Outside of the box

I made a visit to the Arbours Crisis Centre in Crouch End this week. Clientsare referred here from all over the country, nay world.

Arbours is an establishment working in the mental health sphere which doesn’tfit – doesn’t fit into categories thatwould encourage the Government, Haringey Council or any specific body to fund it. And yet it does valuable work andhas a world-wide reputation.

I was ushered into a lounge with comfy sofas, tea laid out and agolden-coloured dog. The therapists and clients came and sat and talked tome about the place. I couldn’t tell who was who to start – which iscertainly a good sign of treatment working well!

It is modelled on being a house – or as near to a normal house as ispossible. Clients and therapists live together in the house. The days arefilled with individual or group work. The clients have keys and can comeand go at will.

Arbours concentrates on relationships – and clearly has highly devoted andcommitted therapists working to bring those who have had long malfunctionswith the world we know back into it – with some success. It can only takesix clients, maximum, at a time.

Being so outside the box of traditional mental health treatment approaches,funding is a struggle. And perhaps of even more concern is the Governmentbeing unable to treat them as a one-off. So many targets and programs andinitiatives and partnerships and jargon and more jargon – but when anexcellent project stares it in the face which doesn’t fit the bureaucraticboxes, the Government is so often like a rabbit stuck in headlights, frozenin action and not knowing what to do.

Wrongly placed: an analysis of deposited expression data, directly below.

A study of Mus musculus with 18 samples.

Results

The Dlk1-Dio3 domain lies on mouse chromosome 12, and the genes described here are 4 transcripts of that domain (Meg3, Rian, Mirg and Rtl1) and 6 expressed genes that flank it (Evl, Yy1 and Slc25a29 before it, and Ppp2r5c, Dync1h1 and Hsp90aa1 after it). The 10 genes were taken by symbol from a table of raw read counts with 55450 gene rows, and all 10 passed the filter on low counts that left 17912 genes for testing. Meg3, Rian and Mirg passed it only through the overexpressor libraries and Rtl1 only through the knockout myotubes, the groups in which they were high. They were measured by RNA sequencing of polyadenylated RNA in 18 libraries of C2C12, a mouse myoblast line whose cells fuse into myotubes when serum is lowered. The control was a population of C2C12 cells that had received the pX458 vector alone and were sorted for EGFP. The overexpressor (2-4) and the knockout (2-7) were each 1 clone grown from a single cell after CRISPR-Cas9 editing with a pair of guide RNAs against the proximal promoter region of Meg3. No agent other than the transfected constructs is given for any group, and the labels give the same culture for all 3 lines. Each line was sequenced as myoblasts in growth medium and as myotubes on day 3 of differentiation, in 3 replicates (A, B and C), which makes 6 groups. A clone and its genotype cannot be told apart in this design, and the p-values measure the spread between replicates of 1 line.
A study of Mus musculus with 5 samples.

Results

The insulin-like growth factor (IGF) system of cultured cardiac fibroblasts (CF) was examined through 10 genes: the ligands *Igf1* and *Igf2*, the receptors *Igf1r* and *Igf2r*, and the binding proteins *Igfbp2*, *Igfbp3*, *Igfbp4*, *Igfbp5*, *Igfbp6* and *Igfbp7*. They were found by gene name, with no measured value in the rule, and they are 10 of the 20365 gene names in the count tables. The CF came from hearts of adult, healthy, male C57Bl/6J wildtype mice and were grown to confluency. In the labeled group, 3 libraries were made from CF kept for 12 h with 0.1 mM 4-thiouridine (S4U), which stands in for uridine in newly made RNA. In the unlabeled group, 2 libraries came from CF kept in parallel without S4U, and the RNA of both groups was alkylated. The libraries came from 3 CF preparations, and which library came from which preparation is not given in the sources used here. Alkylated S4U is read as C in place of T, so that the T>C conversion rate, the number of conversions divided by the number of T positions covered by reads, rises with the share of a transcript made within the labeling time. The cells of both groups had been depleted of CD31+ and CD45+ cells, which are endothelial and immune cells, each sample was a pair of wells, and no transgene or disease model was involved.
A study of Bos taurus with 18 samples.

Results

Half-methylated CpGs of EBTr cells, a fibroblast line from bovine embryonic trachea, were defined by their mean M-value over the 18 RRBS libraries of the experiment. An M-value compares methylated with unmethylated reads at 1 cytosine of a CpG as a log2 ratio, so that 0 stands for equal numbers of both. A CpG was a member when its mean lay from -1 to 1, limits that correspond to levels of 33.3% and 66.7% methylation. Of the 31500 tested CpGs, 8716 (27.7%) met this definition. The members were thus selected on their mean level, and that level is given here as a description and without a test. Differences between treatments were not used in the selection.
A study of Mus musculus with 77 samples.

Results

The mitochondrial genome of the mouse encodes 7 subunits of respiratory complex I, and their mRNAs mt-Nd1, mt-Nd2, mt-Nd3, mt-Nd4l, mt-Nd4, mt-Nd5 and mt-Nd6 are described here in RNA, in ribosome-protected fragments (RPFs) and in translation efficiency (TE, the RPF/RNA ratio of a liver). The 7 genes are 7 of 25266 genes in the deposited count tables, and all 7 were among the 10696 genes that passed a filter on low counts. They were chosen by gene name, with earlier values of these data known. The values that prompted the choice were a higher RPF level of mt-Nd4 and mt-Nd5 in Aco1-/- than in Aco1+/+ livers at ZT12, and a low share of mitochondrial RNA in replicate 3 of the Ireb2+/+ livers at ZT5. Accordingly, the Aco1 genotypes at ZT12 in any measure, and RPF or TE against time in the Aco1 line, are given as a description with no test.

It’s a bit like Red Gables. This is a fantastic family centre also inCrouch End which Labour councillors want to close. The Government isfunding 18 new child centres in the borough – but because Red Gables is inthe ‘wrong’ area and doesn’t fit the criteria precisely – rather than makeRed Gables on of the eighteen and celebrate this exemplar facility, theyplan to close it down. Local campaigners (and the Ham & High) arefighting hard to prevent this happening.

Red Gables and Arbours seem to be two facets of the same problem – they aremuch loved and successful services, but they don’t fit thecentral Labour model of what should be done where and how – and so thefunding flows elsewhere.

I don’t (yet) know enough in detail about the Arbours Crisis Centre to besure of the right way forward, but with so many problems with the provisionof mental health facilities, it seems daft to not be supporting one likethis. The original idea of “care in the community” had many good points -getting rid of those Dickensian type near jail like facilities for peoplewho need treatment not gaol. But so often, the question now is, “where isthe care?”.

The reopening – thanks to two years of campaigners’ efforts, of Canning Crescent, one of the two mental health day care centres which Haringey closed is a step in the right direction but it opened being able to support far fewer residents than before.

When Parliament comes back in the autumn – and ministers are availableagain for questioning and prodding in the chamber, I want to pursue theseissues.

Quite a few mental health care professionals have come my way since theelection to alert me to the mayhem going on in this area and my five yearson the Metropolitan Police Authority demonstrated palpably how much thepolice are left to deal with the results when our care systems fail. Iwould welcome more input on this – so if anyone reading this has a tale totell in terms of good or poor treatment in this area, please contact me.